The Washington state legislature was loud and clear last year when it unanimously passed House Bill 1599 – a law that introduced sweeping changes to high school graduation requirements, making it easier for students to exit the K-12 system with a diploma in one hand and a roadmap in the other.
While the bill was lauded for removing required standardized tests, it also presented a new, less headline-grabbing opportunity for our students: the ability to quickly find a career after high school, while still enrolled in high school. Think Running Start, but with the goal of a career after the program ends, not a university.
It’s uncharted water upon which Spokane Community College immediately set sail. We’re calling it Running Start for Careers. It’s a necessary evolution to the model, at a time when our industry needs it most.
Similar to traditional Running Start programs, this latest initiative allows students to stay in high school while working toward their Associate of Applied Science degree or certificate. The best part? They will still graduate alongside their peers with a high school diploma.
According to data from the Western Interstate Commission for Higher Education, by 2028 nationwide high school graduates are expected to decrease by about 4%. That trend will likely continue, as a new report from the Centers for Disease Control and Prevention shows Americans are having fewer and fewer babies.
At the same time, Baby Boomers – until recently, America’s largest generation until supplanted by Millennials – will be retiring in droves over the next five years. The inevitable outcome? A drastic workforce shortage – at least that’s what the industry in Spokane is telling us.
While the data also shows Washington colleges are headed toward a 7% enrollment increase by 2030, we shouldn’t be resting on our laurels. Our job as a community college is to react quickly to the needs of our community, as well as the needs of our students and the life awaiting them after they leave our halls.
And while technical programs can have a certain stereotype, our initial list of 16 programs offered in Running Start for Careers is anything but stereotypical. We’ll have an accounting assistant program, a criminal justice program for students interested in becoming police officers, a culinary arts program, fire science, machining, welding and so on. The list will only grow from there.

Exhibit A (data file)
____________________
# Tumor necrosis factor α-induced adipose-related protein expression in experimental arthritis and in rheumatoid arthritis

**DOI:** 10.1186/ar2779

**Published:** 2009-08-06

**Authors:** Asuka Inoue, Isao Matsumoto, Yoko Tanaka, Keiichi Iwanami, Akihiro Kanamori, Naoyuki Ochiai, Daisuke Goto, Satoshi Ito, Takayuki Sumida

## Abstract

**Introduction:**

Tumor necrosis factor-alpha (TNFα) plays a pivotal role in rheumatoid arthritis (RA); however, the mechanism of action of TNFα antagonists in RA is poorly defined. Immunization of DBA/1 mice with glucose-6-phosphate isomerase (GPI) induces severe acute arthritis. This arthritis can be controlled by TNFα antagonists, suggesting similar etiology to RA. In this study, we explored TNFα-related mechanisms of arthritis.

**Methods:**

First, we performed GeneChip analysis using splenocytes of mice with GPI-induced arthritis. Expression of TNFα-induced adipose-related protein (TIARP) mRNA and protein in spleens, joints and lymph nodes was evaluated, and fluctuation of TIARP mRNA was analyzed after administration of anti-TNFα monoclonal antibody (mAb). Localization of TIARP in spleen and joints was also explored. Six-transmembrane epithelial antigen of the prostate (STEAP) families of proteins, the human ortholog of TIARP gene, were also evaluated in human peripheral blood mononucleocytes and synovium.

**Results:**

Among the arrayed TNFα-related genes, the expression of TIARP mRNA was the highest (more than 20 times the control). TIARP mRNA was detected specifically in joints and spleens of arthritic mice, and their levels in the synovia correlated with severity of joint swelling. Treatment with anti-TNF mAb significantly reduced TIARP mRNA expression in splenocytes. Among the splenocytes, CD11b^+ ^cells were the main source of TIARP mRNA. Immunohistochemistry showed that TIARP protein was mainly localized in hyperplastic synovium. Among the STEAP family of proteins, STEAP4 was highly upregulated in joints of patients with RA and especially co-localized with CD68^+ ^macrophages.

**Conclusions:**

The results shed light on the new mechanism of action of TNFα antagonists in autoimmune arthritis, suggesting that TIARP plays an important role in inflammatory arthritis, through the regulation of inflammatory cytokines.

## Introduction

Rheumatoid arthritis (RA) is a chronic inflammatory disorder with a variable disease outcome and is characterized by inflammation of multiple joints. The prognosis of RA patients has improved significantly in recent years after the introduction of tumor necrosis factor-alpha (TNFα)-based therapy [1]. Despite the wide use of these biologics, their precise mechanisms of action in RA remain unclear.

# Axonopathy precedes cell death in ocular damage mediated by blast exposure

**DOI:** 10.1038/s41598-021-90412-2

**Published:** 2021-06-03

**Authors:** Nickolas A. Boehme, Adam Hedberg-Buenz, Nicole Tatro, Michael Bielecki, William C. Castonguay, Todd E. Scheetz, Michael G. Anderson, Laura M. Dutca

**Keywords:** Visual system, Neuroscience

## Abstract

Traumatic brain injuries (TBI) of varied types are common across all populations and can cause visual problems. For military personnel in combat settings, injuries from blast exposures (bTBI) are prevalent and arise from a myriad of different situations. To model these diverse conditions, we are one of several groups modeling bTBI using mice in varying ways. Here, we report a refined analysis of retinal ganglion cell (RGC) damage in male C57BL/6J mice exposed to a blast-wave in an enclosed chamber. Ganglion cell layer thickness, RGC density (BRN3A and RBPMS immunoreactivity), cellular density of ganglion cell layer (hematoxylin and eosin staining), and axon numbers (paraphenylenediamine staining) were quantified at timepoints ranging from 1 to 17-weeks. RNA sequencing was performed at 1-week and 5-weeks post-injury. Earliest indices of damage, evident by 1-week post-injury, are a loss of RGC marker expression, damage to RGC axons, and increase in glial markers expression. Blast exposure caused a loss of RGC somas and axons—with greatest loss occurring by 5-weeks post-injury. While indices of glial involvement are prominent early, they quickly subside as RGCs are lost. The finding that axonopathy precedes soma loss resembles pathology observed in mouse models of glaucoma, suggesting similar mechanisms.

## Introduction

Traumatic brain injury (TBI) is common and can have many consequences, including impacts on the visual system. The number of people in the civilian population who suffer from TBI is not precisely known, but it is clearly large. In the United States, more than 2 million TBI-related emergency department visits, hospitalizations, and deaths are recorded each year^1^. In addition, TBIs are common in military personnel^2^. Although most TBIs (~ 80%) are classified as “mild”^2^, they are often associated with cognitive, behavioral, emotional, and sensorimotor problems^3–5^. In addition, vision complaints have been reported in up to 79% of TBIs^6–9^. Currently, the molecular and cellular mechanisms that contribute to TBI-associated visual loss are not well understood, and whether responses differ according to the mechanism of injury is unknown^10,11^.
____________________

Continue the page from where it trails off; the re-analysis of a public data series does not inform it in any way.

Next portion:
An important part of this journey is the necessary working relationship with our K-12 partners. Mead School District has been our ally in getting this concept off the ground in the interest of providing the right pathways for students. This year we’ve held several enrollment events, and as we continue to work from home, we’ve even pivoted to Zoom info sessions every Tuesday.
We hope to expand to schools across the area counties and we hope other colleges in Washington follow suit. At the end of the day, they’ll probably have to, even as they experiment with new career-education programs.
As you know, Spokane is a unique city in Washington – due to its size, workforce diversity and bevy of careers that don’t require a traditional four-year degree. If we want to stick around another half century, we’ll have to meet industry where industry is headed, not where it’s been.
One of the main barriers Spokane Community College will face moving forward is making sure Running Start for Careers is accessible to all.
Technical programs often have hidden costs to entry, and it’ll be no different for high school students – things like paying for new knives for culinary students, scissors and products for students in cosmetology, tools for machinists or personal protective equipment for welders.
While we’re still working on a permanent solution, we already are collaborating with the Community Colleges of Spokane Foundation – the nonprofit arm of the colleges responsible for raising money for student scholarships and programs – to engage our generous community and business donors so Running Start for Careers can be a reality for low-income students.
We also recently secured a second year of Metallica Scholars Program funding for students primarily in Allied Health Programs, Information Technology and Manufacturing
We are certain the Spokane business community, which is eager for skilled employees especially as our economy slowly starts to recover after COVID-19, will be generous in supporting Running Start for Careers to ensure that it continues and is available to all.
The Washington Legislature got this one right. HB 1599 will allow many high schoolers to transition straight into a career after graduation.
No more barriers and no more extra years spent in a college classroom when the destination is already marked on the roadmap.
Kevin Brockbank is the president of Spokane Community College.